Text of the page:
SCOTUS and Recess Appointments

The New York Times reports:
In an extended argument that contained large doses of constitutional history and practical politics, the Supreme Court on Monday seemed skeptical of the Obama administration’s contention that it could bypass the Senate to appoint officials during short breaks in the Senate’s work.
Justices across the ideological spectrum appeared prepared to rein in the ability of presidents to make appointments without obtaining the Senate’s advice and consent by invoking the Constitution’s recess-appointments clause, which says “the president shall have power to fill up all vacancies that may happen during the recess of the Senate.”

Justice Elena Kagan said the clause may be a “historic relic” from “the horse and buggy era,” when presidents needed the authority to fill vacancies because lawmakers were out of town and could not return on short notice. More recently, she said, presidents of both parties have used the appointment power “as a way to deal, not with congressional absence, but with congressional intransigence, with a Congress that simply does not want to approve appointments that the president thinks ought to be approved.”
She suggested that the new use of the clause was problematic.
Justice Stephen G. Breyer said he had scoured the historical and legal materials. “I can’t find anything,” he said, “that says the purpose of this clause has anything at all to do with political fights between Congress and the president.”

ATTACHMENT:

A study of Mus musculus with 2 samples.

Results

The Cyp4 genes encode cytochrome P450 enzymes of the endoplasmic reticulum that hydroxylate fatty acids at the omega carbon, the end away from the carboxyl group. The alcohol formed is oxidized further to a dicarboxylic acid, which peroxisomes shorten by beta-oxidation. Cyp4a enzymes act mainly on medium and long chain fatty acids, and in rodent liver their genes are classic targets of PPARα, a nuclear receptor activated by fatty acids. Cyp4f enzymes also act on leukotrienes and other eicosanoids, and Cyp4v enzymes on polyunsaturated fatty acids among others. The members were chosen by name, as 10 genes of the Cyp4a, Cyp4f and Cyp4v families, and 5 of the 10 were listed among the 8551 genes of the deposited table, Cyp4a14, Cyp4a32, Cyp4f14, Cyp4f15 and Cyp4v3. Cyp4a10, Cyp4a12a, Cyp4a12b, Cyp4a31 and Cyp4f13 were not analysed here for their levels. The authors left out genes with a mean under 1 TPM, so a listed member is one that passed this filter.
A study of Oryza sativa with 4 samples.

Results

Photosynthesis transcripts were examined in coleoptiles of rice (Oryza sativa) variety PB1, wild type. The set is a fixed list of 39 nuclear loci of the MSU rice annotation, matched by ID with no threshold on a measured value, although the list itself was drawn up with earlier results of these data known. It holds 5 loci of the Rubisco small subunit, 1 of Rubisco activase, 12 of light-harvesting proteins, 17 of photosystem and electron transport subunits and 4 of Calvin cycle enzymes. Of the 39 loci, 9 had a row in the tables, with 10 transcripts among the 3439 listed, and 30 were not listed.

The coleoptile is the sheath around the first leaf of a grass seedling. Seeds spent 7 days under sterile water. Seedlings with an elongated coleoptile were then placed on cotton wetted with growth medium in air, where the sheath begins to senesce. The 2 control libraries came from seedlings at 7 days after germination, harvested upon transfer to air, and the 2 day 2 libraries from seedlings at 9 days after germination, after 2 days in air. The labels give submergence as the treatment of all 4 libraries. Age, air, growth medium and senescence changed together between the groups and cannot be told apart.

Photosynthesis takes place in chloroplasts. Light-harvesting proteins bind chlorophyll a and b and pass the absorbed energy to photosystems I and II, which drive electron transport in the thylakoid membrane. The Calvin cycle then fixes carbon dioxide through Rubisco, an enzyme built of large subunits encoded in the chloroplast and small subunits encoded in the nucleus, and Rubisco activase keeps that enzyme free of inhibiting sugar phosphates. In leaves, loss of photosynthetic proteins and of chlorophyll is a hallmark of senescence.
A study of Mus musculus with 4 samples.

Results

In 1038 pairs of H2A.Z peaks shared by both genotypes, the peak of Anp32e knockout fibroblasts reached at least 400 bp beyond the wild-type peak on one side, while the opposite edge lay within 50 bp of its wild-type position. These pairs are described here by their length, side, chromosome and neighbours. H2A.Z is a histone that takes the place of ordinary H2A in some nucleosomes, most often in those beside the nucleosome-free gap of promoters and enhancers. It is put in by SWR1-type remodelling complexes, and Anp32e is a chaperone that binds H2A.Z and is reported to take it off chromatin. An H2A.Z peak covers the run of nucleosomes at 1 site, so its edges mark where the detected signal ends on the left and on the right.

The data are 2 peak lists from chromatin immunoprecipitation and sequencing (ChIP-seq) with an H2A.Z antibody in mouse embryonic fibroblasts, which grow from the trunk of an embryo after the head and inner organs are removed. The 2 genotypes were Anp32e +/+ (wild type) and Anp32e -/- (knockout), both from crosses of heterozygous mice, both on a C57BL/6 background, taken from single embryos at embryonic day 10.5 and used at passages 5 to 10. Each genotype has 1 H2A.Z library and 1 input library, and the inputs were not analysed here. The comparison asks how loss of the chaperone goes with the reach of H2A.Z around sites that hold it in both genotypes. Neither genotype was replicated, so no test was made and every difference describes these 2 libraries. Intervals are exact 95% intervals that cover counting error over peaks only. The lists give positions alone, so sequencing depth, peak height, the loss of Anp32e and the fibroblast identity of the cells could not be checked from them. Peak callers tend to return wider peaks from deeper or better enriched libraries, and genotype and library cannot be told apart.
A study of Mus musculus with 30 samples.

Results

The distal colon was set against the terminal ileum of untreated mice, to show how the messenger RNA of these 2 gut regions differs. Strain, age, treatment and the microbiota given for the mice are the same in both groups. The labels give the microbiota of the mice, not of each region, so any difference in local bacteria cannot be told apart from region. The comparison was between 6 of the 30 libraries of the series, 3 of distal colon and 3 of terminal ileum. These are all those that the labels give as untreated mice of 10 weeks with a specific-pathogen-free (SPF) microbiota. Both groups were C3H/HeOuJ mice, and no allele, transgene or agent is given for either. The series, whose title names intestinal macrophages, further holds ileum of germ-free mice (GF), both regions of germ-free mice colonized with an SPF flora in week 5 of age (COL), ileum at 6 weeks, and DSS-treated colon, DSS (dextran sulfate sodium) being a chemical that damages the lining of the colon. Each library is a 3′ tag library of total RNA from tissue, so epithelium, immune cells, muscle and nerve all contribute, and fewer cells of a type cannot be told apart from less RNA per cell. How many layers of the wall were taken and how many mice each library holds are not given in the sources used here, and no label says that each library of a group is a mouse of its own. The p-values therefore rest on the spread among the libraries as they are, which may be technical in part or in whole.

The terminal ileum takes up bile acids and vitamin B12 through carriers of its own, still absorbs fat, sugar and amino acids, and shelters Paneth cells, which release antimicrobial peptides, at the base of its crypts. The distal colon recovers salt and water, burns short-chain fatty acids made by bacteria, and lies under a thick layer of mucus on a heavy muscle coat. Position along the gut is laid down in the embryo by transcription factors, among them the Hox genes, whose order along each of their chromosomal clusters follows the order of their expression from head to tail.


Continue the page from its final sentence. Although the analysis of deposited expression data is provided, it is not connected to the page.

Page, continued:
The problem of congressional absence no longer exists, Justice Ruth Bader Ginsburg said. “The Senate — I think to be candid — the Senate is always available,” she said. “They can be called back on very short notice.”
From the oral argument:
JUSTICE SCALIA: What do you do when there is a practice that --that flatly contradicts a clear text of the 10 Constitution? Which --which of the two prevails?
GENERAL VERRILLI: Now, I think the practice has to prevail, Your Honor, but I do --and I
JUSTICE SCALIA: So if you ignore the Constitution
GENERAL VERRILLI: But I don't think
JUSTICE SCALIA: --often enough, its meaning changes?
GENERAL VERRILLI: But, Your Honor, of course, in this situation, the meaning of the clause with respect to the timing of --of the vacancy has been a matter of contention since the first days of the Republic.
 JUSTICE SCALIA: Now, you're --you're questioning my hypothesis. You have to accept my hypothesis.